Saturday, August 13, 2011

In Defense of the Corporation

I've been hearing the Left complain about corporations since the late 90's.  Now there's a movie.  Sigh.  Stop listening to this nonsense, please.

There are two main groups of people complaining about 'corporate personhood'.

The first group are people who haven't spent more than 30 seconds thinking about it.  They either don't understand what corporations are, or just don't care enough to think logically through their own criticisms.

The idea of incorporation dates back to the 17th century.  The main purpose of a corporation is to allow a group of people to act as a single legal entity, and to shield them personally from liability for the actions of the group.  Without corporations modern business and life would not be possible.  For example, if your iPod blows up in your face - who would you sue?  You would have to individually sue every single Apple shareholder.  But you wouldn't be able to do that, since Apple wouldn't exist in such a world.  When someone sues Ford for a defective vehicle, the company doesn't go to a 60 year old retiree in Michigan and take his home away, because his pension benefits included shares of the company.

But it's not just the liability.  Greenpeace, for example would have to exist as a 'club', and you wouldn't be able to give them any money.  I'm not even sure what the Left wants... do they want to ban all forms of organization?  No concerted action by groups of people larger than two?  This comes right to our freedom as individuals to associate as groups - a right guaranteed by the First Amendment.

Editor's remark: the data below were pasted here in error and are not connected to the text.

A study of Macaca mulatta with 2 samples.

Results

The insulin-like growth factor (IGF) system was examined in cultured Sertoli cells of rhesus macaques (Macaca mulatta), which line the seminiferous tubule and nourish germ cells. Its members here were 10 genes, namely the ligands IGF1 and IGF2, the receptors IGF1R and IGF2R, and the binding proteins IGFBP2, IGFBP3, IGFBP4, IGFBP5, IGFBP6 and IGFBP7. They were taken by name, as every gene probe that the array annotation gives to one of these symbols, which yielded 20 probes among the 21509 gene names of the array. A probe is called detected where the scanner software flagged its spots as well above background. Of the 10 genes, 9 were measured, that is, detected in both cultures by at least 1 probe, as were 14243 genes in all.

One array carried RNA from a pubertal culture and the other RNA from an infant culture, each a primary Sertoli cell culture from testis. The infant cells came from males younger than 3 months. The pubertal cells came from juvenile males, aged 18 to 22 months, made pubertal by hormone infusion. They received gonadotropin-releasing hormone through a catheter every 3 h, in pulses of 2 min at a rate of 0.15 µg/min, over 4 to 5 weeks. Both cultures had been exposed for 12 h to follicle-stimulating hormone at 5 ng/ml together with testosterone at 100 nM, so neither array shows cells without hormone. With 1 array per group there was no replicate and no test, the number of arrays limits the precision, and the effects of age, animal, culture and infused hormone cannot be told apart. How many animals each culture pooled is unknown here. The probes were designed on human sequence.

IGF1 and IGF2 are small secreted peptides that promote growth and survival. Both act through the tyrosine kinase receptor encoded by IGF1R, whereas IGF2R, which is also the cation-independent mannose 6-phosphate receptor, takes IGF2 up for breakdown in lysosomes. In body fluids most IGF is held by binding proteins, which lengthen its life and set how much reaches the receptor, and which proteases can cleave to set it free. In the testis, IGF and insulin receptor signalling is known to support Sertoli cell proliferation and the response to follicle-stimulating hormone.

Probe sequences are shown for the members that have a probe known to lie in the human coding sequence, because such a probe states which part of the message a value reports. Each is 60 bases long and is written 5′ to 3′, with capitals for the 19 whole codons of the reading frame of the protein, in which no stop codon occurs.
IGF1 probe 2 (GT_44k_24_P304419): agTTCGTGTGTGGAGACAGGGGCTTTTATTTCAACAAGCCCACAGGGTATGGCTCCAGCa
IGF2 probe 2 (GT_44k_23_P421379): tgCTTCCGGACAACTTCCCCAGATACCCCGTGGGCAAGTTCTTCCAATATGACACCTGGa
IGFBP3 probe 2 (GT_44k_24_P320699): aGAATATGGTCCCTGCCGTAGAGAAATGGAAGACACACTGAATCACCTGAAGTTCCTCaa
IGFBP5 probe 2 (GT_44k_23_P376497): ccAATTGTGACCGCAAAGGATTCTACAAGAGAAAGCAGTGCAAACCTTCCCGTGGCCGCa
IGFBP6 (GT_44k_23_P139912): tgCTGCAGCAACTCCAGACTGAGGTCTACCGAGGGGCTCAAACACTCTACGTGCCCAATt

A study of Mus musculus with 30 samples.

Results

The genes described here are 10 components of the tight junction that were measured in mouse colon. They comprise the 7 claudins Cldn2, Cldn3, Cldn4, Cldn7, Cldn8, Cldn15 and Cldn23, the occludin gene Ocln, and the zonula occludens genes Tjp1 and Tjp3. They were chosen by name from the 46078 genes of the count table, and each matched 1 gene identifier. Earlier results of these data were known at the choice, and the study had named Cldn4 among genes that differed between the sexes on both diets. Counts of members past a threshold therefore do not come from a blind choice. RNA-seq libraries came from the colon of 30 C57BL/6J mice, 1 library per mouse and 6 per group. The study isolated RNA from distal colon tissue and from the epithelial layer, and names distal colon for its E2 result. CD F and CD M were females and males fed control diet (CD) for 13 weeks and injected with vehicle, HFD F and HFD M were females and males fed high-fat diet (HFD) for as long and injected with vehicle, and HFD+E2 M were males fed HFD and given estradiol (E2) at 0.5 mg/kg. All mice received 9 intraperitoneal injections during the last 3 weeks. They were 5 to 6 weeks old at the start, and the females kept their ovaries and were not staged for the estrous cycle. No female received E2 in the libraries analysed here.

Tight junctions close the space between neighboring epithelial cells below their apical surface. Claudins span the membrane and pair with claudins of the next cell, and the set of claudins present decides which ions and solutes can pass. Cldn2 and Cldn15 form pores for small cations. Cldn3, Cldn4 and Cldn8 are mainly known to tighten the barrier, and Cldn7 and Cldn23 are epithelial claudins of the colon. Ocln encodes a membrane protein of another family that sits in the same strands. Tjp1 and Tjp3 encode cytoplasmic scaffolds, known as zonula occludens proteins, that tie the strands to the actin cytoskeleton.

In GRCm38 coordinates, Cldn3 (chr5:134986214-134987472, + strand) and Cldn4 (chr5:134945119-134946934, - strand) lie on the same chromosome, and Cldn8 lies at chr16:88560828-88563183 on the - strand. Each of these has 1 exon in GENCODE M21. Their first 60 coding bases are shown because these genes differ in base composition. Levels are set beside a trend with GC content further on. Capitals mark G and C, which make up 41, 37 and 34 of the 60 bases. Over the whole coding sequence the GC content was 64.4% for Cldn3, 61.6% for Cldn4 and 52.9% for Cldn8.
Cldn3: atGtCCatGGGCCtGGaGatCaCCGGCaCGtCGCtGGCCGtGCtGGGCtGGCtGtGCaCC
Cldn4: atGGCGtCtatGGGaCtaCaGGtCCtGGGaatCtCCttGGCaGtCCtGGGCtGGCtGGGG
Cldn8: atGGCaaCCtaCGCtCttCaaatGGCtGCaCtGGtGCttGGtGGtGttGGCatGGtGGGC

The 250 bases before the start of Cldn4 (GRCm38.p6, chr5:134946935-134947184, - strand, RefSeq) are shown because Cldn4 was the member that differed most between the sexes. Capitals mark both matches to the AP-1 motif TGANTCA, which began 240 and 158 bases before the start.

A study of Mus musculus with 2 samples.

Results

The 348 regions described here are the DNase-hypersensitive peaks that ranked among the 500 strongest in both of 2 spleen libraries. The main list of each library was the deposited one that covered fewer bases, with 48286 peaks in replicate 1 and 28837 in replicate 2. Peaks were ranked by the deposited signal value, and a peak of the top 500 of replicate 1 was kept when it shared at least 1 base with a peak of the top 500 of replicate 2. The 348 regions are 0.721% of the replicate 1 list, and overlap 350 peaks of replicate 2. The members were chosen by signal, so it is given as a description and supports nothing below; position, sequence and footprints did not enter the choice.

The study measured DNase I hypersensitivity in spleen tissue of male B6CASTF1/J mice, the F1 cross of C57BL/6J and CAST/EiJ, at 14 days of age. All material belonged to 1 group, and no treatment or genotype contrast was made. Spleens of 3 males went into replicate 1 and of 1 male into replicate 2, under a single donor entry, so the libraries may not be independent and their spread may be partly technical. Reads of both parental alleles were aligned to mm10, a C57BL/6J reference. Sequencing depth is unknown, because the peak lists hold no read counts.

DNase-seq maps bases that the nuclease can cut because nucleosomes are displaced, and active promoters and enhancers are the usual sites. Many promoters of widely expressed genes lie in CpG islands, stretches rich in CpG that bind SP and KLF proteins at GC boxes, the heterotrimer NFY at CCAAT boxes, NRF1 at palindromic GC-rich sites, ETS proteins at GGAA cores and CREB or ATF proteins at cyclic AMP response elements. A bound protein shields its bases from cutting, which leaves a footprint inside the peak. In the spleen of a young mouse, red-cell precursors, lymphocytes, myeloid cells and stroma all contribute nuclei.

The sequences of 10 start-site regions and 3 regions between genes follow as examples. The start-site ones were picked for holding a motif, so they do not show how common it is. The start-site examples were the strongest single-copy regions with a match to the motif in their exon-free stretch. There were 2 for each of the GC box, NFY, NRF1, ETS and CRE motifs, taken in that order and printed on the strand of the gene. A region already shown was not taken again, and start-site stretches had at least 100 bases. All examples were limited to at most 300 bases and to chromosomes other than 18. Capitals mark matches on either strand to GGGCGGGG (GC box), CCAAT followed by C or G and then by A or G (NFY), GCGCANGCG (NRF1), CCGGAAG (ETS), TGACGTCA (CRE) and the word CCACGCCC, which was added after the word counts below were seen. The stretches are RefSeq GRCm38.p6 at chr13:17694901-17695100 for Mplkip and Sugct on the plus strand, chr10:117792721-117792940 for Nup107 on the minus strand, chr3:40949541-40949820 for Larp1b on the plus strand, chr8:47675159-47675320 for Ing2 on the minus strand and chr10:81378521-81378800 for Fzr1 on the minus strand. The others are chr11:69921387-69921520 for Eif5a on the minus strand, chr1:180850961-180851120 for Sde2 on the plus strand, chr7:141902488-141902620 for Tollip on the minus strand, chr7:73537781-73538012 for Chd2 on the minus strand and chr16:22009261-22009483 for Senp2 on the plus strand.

This first group is offended by a metaphor.  'Corporate Personhood' is a Legal Fiction, something that makes the legal process workable.  Without it, you would have to pick a guy in your 'business club' to pay the rent on your office space.  And he'd have to pay it to that other guy, the one that rents out the space.

Other Legal Fictions are things like Adoption - nobody believes that a piece of paper makes an adopted child suddenly the biological child of his adoptive parents, but pretending so from a legal standpoint simplifies everyone's life.

In the same way, nobody actually believes that the Ford Motor Company is a person.  It's a metaphor that should be stretched only as far as it is useful - and no further (for example, claiming that corporations are 'psychopathic').  Yes, there are companies that behave badly.  But there are real people behind those companies making those bad decisions, and the fact that they are incorporated means you have a way to punish them for it.  If they individually act in a criminal manner they can still be charged as individuals.

The second group complaining about Corporate Personhood are people who don't like capitalism, and think they have found a nice 'hook' for their song about it.  My response:

If a man isn't a Communist at the age of eighteen, there's something wrong with his heart.
If a man is still a Communist at the age of thirty, there's something wrong with his head.